Scott Ball / Rivard Report
Brandon Seale isn’t a historian by trade. The president of Howard Energy México spends his working hours coordinating binational projects that transcend the U.S.-Mexico border, learning and sharing stories of the region’s history during his time off.
Seale, an energy executive as well as a published author and podcast producer, said he created his second podcast series, A New History of Old San Antonio, “to cover the history of San Antonio from its founding 300 years ago until the arrival of the railroad 150 or so years later.”
He released the series earlier this year, and for the next 22 weeks, the Rivard Report will host Seale’s episodes every Saturday.
“We want to make the Rivard Report a destination not only for our excellent journalism, but also to feature unique community voices – and San Antonio has a lot of those,” said Rivard Report Editor-in-Chief Beth Frerking.
“We’re glad to have Brandon’s podcast series as one of the first of those. We hope it engages an audience interested in the city’s history and its future, and that it prompts other San Antonians with interesting stories to think about sharing them with our readers and listeners.”
In a conversation with the Rivard Report, Seale, 36, described one of his podcast’s purposes as a personal pursuit to more deeply understand San Antonio’s identity. Despite living here since 1985 and being a self-described booster for the city ever since, he said many people struggle to pinpoint what distinguishes San Antonio in a state full of metropolitan counterparts.
“Houston has its energy business, Austin has its weirdness, and Dallas has its shopping,” Seale said. “[San Antonio] can seem kind of unremarkable … on the surface. [But] if you go back and you try and look at it with the eyes of the people that founded the city – the first San Antonians – you see something remarkably different.”
Seale said he took a two- to three-year dive into centuries worth of history that shaped the city. In his episodes he emerges with detailed accounts of events like the founding of San Antonio, the explorers and native peoples who occupied the city throughout history, and notoriously bloody conflicts like the Battle of Medina.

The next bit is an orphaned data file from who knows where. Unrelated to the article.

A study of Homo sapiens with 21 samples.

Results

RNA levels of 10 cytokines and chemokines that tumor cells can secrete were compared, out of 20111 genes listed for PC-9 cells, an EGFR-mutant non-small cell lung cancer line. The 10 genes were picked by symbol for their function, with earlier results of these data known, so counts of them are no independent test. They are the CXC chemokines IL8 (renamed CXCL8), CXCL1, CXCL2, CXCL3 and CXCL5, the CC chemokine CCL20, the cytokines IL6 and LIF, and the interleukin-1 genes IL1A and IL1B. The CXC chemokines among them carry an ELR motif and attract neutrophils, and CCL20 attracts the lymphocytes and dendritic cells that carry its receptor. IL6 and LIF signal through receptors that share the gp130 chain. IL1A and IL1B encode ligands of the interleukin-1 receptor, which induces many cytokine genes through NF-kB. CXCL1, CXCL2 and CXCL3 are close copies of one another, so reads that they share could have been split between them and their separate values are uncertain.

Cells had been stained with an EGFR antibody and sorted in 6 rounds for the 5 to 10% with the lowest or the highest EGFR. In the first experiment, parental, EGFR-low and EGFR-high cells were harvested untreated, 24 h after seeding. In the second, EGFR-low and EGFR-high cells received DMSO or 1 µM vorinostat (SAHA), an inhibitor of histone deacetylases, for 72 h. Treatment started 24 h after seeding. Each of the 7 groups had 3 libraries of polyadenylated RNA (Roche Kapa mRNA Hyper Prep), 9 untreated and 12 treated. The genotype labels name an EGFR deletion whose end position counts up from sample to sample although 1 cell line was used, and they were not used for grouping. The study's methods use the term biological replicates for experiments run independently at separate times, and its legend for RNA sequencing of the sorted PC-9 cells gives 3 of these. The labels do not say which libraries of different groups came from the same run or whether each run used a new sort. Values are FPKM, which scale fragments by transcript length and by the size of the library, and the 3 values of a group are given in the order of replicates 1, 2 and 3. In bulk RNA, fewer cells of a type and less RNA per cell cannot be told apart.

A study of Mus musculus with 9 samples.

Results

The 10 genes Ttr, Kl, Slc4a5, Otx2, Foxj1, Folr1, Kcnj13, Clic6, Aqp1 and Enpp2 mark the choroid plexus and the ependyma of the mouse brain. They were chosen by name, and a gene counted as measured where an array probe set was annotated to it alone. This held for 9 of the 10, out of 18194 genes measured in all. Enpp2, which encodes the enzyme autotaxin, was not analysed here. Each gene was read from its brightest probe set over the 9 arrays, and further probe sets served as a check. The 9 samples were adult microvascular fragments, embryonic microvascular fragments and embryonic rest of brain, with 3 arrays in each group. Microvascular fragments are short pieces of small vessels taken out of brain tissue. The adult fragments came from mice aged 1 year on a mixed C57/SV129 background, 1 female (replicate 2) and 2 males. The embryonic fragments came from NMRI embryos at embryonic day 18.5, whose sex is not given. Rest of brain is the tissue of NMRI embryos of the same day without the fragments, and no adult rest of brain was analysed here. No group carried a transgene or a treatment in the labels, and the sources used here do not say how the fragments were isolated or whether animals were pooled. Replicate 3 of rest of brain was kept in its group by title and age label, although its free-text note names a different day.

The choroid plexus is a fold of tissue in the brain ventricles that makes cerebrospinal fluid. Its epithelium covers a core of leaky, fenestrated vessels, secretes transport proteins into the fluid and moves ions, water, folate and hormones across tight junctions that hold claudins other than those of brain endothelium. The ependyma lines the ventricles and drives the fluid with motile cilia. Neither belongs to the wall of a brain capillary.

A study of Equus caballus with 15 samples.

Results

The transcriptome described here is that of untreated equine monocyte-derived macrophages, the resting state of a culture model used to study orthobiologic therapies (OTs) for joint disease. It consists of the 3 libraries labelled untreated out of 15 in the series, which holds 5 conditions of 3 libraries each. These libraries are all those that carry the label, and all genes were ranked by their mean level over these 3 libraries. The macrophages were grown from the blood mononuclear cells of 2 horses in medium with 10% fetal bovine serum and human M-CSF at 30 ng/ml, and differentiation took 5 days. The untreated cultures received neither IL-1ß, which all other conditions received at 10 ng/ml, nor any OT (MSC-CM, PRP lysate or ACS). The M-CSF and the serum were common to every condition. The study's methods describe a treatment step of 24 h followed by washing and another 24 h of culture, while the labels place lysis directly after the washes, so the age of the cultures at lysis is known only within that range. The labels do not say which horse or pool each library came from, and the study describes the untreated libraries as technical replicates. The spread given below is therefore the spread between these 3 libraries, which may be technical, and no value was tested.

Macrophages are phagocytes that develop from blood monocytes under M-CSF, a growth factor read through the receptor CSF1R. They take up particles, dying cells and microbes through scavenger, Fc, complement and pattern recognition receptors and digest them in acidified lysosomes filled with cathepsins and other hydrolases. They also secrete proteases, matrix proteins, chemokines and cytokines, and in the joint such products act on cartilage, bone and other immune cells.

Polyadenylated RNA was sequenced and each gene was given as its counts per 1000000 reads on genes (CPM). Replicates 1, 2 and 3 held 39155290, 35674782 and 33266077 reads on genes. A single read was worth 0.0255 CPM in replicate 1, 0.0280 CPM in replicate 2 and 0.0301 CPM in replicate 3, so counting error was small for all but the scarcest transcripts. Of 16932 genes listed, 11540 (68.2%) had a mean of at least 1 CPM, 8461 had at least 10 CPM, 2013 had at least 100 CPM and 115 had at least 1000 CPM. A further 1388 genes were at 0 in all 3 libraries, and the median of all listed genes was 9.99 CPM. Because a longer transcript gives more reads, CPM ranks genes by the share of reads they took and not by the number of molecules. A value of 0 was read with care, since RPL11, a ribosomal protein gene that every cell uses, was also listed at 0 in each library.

He used both English and Spanish primary sources in his research, employing his bilingualism to create a more comprehensive understanding of the history by examining it through different national contexts. Throughout the podcast, historical events like the Texas Revolution of 1835 are viewed through the lenses of both American and Mexican history.
“The truth is that it’s usually told as a part of American history, but that’s just really not accurate,” Seale said. “What all of those versions leave out is the actual San Antonio version of events. What were San Antonians thinking at the time, and what do their accounts say?”
As the city celebrates its three-centuries-long history through the Tricentennial and begins new debates over the future of monumental sites like the Alamo, Seale points out that San Antonio remains one of the few American cities with a “continuous and unbroken” tie to its past.
Seale hopes the podcast will provide San Antonians with an opportunity to relate to their city, and explore what he describes as an identity as the continent’s largest border town.
“The best way, the only way, to truly honor the past and the men and women who made our city what it is today is for each of us to find a way to relate to their story,” Seale says at the end of the series, “to embrace it for all its blemishes and to wear it like armor against whatever new challenges may come our way.”